Love. It’s an intoxicating feeling, and sometimes we would do anything to feel that flutter. Maybe even rob a bank. So is that what happened to Bonnie Parker, Clyde Barrow‘s partner in crime? One group of young actors explored the possibilities.
To prepare for its production of the musical Bonnie and Clyde, the Drama Center’s Livestock Players had to put themselves in the daring shoes of the most infamous bank robbers to follow their tale of love and debauchery. The historical-turned-folklore duo brazenly robbed banks and killed 13 people during The Great Depression.
“Putting myself into Bonnie’s shoes, I definitely wouldn’t kill people, but I think if I had the drive to get away as bad as she did, and I loved Clyde that much, I think I would go with him,” said actress Rachel Walker, 16, a junior at Northwest High and daughter of the recently elected Congressman Mark Walker.
Walker added that though she thinks it was morally wrong to rob banks, it’s hard to know how the Great Depression might have affected her decisions. Walker’s partner on stage, Aaron Boles, 16, a junior at Reidsville High, agreed that desperation might have been a motivator.
“I believe (Clyde) really doesn’t feel like he has too much to lose since he never had too much anyway,” Boles said about his character.
Not only did the two actors contemplate the infamous robbers’ motivation, but they also studied their history, watched documentaries and learned how to relate to their character.
“Clyde is a very cool and collected person the majority of the time,” Boles said. “I do relate to him because (like him) I try to suppress the smaller stuff and hide it behind my upbeat personality. But then there’s a certain point where things break through (and it can come to a head).”
As for Walker, she has much more in common with the glamorous gunslinger.
“She has a very fiery personality like me,” Walker said. She’s also related to the real Bonnie “” the infamous robber is Walker’s great, great cousin.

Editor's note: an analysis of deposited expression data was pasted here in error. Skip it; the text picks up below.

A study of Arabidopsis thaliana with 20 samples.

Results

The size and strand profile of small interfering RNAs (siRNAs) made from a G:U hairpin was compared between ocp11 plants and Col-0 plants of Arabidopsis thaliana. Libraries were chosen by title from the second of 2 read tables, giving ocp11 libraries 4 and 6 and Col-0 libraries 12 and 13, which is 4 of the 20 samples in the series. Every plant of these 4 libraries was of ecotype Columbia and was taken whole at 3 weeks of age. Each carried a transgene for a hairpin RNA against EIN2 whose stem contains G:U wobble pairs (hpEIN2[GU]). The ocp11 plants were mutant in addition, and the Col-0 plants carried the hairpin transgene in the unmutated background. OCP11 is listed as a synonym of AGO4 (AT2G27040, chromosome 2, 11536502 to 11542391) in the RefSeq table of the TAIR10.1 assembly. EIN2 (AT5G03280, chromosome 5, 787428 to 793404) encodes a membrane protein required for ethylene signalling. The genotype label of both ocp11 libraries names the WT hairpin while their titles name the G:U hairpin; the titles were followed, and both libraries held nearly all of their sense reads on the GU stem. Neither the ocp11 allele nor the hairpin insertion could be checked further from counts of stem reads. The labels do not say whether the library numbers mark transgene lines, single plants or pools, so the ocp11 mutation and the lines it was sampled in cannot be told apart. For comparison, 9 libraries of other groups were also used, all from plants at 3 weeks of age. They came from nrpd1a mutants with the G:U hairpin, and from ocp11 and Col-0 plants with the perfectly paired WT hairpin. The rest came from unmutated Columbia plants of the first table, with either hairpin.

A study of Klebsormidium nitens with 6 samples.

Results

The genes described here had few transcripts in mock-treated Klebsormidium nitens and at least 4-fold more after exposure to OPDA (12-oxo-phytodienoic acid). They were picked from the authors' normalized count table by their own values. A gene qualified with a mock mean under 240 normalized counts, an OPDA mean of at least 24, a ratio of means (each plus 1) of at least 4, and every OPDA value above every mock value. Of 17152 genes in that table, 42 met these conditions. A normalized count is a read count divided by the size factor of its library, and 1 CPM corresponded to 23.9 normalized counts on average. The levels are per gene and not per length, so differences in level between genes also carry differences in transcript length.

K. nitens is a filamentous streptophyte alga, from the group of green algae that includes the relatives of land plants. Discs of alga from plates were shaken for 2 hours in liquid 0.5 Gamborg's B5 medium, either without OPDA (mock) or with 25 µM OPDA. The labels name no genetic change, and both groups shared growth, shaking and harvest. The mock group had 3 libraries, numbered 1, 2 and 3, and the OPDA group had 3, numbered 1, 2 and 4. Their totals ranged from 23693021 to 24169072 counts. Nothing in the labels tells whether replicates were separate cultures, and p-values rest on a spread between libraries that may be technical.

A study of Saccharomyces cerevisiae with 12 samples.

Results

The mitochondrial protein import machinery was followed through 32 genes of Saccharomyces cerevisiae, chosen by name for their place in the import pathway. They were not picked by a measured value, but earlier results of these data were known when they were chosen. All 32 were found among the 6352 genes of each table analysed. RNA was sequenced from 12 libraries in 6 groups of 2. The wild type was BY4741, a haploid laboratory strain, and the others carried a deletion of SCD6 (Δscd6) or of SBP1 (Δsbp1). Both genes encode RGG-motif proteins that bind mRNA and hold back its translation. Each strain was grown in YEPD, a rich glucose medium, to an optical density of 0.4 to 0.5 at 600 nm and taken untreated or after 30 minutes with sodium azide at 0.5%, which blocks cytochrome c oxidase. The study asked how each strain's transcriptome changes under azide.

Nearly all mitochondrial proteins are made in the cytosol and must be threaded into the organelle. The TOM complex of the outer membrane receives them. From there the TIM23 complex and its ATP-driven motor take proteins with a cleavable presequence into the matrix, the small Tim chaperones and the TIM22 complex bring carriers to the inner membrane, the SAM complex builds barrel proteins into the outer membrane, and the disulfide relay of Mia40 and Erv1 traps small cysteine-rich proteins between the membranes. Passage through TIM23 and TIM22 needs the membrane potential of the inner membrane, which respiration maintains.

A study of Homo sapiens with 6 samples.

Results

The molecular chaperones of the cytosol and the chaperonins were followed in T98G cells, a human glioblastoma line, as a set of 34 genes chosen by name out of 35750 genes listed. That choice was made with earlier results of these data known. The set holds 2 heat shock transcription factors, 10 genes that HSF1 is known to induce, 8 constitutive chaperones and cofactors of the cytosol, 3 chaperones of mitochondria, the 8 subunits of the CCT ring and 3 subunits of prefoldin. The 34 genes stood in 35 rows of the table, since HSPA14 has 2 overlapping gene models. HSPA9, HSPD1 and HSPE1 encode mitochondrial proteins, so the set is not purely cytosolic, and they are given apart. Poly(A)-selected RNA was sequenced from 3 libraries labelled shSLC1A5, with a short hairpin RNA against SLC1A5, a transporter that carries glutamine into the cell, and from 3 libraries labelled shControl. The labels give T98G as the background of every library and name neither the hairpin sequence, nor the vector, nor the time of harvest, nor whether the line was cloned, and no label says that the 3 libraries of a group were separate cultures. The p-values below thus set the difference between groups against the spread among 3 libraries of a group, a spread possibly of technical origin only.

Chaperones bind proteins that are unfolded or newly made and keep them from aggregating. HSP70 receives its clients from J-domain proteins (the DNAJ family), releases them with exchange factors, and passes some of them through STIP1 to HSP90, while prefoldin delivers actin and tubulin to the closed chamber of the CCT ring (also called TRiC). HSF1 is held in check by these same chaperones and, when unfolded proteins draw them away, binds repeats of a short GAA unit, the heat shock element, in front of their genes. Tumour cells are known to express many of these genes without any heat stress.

And just like the real Bonnie and Clyde, these two have formed an inseparable bond.
“We’ve become the closest of friends,” Walker said about her stage partner. “We’ve grown so much together. Sometimes it’s difficult because our friendship is so goofy and it’s hard to keep that off the stage.”
Though they’ve grown close, this is the first time the two have worked together or even met. But they’ve been inseparable from the beginning when they were directed to perform a kissing scene by the director during the call back process of auditions.
“I never really had to do a real stage kiss before,” Boles said. “It wasn’t too bad. It was a little awkward at first, but then once we started working with the team for a while it played out well.”
Walker agreed that it was definitely a surprise for her “” it, too, being her first real stage kiss “” but as the two practiced it
more and more it became less embarrassing and more natural. Now they stage kiss like pros several times each performance.
Besides learning how to kiss on stage, the two say they’ve also learned about the power of love.
“Their relationship is simple but it’s also really complicated,” Boles said about the couple they’re emulating on stage. “I do believe that Clyde does truly love Bonnie and their relationship is very strong.
Clyde could probably get anyone that he wants, and Bonnie could probably get whoever she wants as well, but they never really take advantage of what they could have. They’re 100 percent satisfied with only each other because their love is that powerful.”
Spoken like a confident 16-year-old boy. The musical focuses on the duo, rather than the full Barrow gang, and actually begins with their death. The rest of the play delves into their past, from childhood to criminal-string, and digs into who they were as people.
“This is a show about young people “” young people in love,” said Dan Kelly, director. “It’s a Romeo and Juliet story with a lot more guns.” !
The Drama Center’s Livestock Players are performing Bonnie and Clyde Nov. 20-23 in the Stephen D. Hyers Studio Theatre in the Greensboro Cultural Center, 200 N. Davie St. Tickets are $12-$15 and are available online at theDramaCenter.com or by calling the Triad Stage box office at 272-0160.